An Introduction of Cross Border E-commerce (CBEC)January 13, 2017
Established in 2014, CBEC is a special import channel which allows products to be sold directly online to consumers (B2C).
Rather than set up a physical entity in China, sellers can enter a Chinese cross-border e-commerce platform and ship directly from overseas or fulfill orders through a bonded warehouse located in a special Chinese e-commerce pilot zone. The channel has temporary exemptions to tariffs and other regulatory requirements which apply to conventional international trade (B2B).
2016 changes of CBEC:
Tax treatment: A flat tax of 11.9% is applied to the final online retail price at the time of purchase (calculated as a 30% discount on VAT). A discounted rate of consumption tax also applies to luxury goods (14%), cosmetics (14%) and wine (21%). For the individual consumers, they are permitted to buy up to USD 295.00 worth of such goods per order, up to a limit of USD 2946.00 per year.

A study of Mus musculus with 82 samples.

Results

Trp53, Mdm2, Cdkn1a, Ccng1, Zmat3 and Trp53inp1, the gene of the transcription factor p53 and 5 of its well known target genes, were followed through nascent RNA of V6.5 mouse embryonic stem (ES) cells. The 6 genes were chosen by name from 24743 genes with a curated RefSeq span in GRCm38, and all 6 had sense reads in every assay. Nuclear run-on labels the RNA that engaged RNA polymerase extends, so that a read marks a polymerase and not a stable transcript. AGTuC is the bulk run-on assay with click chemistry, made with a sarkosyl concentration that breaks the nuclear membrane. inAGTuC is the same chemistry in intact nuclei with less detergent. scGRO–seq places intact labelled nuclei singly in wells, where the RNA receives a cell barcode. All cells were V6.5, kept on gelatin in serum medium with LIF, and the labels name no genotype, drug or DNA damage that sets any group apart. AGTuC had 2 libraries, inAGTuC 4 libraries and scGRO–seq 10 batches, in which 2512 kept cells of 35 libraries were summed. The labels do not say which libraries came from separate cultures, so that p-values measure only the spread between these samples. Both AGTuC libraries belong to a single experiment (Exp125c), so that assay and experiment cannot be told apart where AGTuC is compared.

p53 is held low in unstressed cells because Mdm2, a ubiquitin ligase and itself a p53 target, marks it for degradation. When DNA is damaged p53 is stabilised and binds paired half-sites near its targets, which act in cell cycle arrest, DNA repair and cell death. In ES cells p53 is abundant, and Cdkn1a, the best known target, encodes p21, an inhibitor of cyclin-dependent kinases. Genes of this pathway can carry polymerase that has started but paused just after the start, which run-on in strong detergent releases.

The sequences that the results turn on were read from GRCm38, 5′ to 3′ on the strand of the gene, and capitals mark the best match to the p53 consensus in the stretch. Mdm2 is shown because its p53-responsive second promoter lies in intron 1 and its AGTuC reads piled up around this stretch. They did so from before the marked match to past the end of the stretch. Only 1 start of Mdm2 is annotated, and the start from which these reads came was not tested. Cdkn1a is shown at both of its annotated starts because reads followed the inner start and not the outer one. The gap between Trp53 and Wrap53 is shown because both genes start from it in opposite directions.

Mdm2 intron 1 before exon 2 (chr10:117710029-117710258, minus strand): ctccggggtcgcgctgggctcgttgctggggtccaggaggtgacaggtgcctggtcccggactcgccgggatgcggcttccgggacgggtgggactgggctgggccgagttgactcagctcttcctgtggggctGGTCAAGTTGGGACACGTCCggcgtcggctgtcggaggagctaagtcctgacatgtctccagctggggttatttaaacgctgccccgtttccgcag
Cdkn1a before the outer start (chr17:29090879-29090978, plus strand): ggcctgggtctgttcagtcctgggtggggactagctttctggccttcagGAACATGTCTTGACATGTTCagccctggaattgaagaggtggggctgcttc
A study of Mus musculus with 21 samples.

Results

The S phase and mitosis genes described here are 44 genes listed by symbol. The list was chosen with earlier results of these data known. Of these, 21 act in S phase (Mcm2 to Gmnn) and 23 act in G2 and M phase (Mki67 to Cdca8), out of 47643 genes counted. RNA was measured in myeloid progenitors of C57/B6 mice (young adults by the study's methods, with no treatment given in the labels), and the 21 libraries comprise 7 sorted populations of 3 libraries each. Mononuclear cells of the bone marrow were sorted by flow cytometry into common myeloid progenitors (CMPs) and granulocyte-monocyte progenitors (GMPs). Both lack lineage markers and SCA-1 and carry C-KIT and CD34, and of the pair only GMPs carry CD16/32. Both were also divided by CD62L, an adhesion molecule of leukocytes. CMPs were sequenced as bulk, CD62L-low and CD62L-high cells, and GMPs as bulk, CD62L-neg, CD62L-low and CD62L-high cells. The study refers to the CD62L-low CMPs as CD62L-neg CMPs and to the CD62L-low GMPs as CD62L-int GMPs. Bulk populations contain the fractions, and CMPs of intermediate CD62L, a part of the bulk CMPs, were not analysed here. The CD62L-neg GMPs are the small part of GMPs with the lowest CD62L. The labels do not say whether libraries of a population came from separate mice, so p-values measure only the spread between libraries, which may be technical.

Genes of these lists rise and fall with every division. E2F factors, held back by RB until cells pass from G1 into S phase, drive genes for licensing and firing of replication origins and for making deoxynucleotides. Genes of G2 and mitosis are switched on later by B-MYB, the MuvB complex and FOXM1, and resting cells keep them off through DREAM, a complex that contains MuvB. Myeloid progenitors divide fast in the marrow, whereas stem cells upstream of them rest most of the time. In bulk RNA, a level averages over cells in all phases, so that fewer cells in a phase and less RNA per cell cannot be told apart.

A ‘Positive List’ of products: The list includes eight categories of products (accounting for 1,293 different tariff lines) and covers food and beverages, clothing, footwear, hats, home appliances, cosmetics, diapers, children’s toys and a host of other items commonly purchased by Chinese consumers on e-commerce platforms.
Extension: There is also a one-year grace period for implementation of the new e-commerce rules. It specifically provides that, until May 11, 2017, in the 10 cross-border e-commerce pilot cities, the supervision of cross-border e-commerce will follow existing requirements and not the new cross-border e-commerce rules.
Since China’s cross border e-commerce sector is still at an early stage of development, these changeable policies should be noted by foreign companies planning their entry strategy into China’s e-commerce industry.